This course deals with the future trends of technology. We will look at these trends from a historical perspective. We will start from early development through to present day and look at where technology is headed. Key areas of technologies that we use in our program curriculum will be explored in more detail; such as computers, communications, electronics, laser, and the human resource factor in advanced technology.
The bursting of the technology bubble and the gradual maturity of traditional markets for information technology has intensified the search for new markets, technologies, applications and business models. This course focuses on emerging trends in IT and their impact on industry structure, corporate strategy, and competitive dynamics. The impact on established business models and industry structure is also explored in detail.
Topics are covered through a combination of lectures, class discussions, film viewing, case studies, diorama, and first-hand accounts from IT experts.
•To gain an understanding of where the technology we use today is headed.
•To gain a historical perspective of where the current technology we use comes from and how it was developed.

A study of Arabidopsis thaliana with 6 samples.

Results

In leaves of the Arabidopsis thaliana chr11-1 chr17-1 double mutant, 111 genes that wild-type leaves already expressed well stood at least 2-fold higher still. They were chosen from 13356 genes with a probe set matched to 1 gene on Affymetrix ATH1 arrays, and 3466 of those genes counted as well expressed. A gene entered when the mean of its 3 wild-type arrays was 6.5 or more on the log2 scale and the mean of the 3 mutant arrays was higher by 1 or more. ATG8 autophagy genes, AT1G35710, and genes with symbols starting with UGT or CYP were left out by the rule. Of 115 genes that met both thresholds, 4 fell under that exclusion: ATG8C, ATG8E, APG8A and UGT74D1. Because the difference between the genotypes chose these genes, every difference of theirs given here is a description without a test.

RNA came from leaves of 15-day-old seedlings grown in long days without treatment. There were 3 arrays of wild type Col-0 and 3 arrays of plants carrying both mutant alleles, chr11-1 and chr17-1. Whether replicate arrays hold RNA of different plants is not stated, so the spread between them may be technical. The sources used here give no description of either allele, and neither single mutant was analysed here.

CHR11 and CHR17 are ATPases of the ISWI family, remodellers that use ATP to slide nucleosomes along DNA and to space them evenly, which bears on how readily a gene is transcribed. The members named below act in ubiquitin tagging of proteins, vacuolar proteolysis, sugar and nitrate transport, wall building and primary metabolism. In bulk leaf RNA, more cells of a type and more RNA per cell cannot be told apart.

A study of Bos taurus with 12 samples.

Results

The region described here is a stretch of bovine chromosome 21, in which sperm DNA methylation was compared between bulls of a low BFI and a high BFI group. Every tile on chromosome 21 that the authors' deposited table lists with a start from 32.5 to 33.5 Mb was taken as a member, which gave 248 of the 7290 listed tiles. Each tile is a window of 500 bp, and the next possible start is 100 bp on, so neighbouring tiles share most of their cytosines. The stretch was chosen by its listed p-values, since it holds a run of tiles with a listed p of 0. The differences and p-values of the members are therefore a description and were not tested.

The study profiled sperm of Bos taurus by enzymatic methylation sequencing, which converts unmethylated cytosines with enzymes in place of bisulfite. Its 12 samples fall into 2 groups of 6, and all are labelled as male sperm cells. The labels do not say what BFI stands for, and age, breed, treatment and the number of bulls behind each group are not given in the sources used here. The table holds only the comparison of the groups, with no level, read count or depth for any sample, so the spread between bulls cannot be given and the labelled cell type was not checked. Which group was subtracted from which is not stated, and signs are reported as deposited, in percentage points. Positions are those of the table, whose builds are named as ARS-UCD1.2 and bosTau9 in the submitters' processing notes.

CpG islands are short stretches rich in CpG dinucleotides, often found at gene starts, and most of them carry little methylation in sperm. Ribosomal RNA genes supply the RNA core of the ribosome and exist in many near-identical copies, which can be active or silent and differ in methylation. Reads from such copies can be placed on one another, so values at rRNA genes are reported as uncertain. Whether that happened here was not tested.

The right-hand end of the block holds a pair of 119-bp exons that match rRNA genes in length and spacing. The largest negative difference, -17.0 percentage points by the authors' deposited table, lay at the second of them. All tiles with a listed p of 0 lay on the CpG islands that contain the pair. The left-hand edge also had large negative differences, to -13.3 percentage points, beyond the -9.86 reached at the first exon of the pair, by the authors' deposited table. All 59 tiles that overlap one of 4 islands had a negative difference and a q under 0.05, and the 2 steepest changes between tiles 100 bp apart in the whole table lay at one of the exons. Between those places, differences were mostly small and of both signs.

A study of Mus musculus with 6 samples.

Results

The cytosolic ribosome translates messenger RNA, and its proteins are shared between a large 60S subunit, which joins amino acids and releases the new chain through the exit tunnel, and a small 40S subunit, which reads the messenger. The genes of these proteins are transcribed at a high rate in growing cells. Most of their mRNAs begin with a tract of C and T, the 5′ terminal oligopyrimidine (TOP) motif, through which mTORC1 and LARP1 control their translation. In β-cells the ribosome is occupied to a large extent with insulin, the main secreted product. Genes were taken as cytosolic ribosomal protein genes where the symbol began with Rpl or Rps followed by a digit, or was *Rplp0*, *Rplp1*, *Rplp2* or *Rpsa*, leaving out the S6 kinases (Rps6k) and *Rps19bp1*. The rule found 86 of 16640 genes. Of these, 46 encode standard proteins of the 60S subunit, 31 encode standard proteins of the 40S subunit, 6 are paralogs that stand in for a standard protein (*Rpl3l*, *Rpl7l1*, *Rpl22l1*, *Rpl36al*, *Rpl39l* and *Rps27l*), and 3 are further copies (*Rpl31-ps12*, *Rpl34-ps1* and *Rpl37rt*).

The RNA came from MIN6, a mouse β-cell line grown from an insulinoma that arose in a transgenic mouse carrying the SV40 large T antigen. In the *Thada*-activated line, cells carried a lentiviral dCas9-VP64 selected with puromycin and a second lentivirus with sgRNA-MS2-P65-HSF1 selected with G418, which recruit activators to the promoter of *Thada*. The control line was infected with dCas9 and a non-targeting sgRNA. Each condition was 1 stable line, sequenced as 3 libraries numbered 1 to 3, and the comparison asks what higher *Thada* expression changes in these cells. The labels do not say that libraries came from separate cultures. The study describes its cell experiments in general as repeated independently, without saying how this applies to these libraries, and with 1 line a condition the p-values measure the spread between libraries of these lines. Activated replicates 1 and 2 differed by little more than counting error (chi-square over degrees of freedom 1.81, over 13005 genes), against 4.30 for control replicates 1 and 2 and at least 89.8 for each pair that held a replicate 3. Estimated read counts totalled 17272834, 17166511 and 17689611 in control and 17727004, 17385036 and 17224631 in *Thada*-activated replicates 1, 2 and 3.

•To understand the basic concepts behind the technology that we use today.
•To develop an awareness of the social and economic impact technology has on our society.
Unit I: Where are we?
•Where are we now?
•What does the future look like these days?
•What should the future look like?
Unit II: How did we get here?
•A step back – Historicizing Cyberspace
•A step further back – Historicizing Information Technology
•Return to the 80s – How did cyberpunk get invented?
Unit III: Back to the Future: Topics in Cyber-subjectivity
•Technology trends: computer, communications, multimedia, laser, etc.
•The Wired Self
•Virtual Community and Personal fluidity
Unit IV: InfoPolitics
•Information as a commodity
•Access and ownership
•The wired workplace
Unit V: Where do we go from here?
•Imagining “futures” we can live in
Case Study 20%
Project (Diorama and Presentation) 60%
Mark Van M. Buladaco
BSIT (University of Southeastern Philippines)
MIT (University of Immaculate Concepcion)
• Register in the forum: mvbuladaco.forumo.org
• Your username should be your full name
• Files and instructions will be posted on the group.
• You should have a personal electronic journal or blog to post your answers in each case study and other related posts.
• The class should be divided into five groups for the sharing/reporting. Each units of the course outline represents the topics to be discussed per group.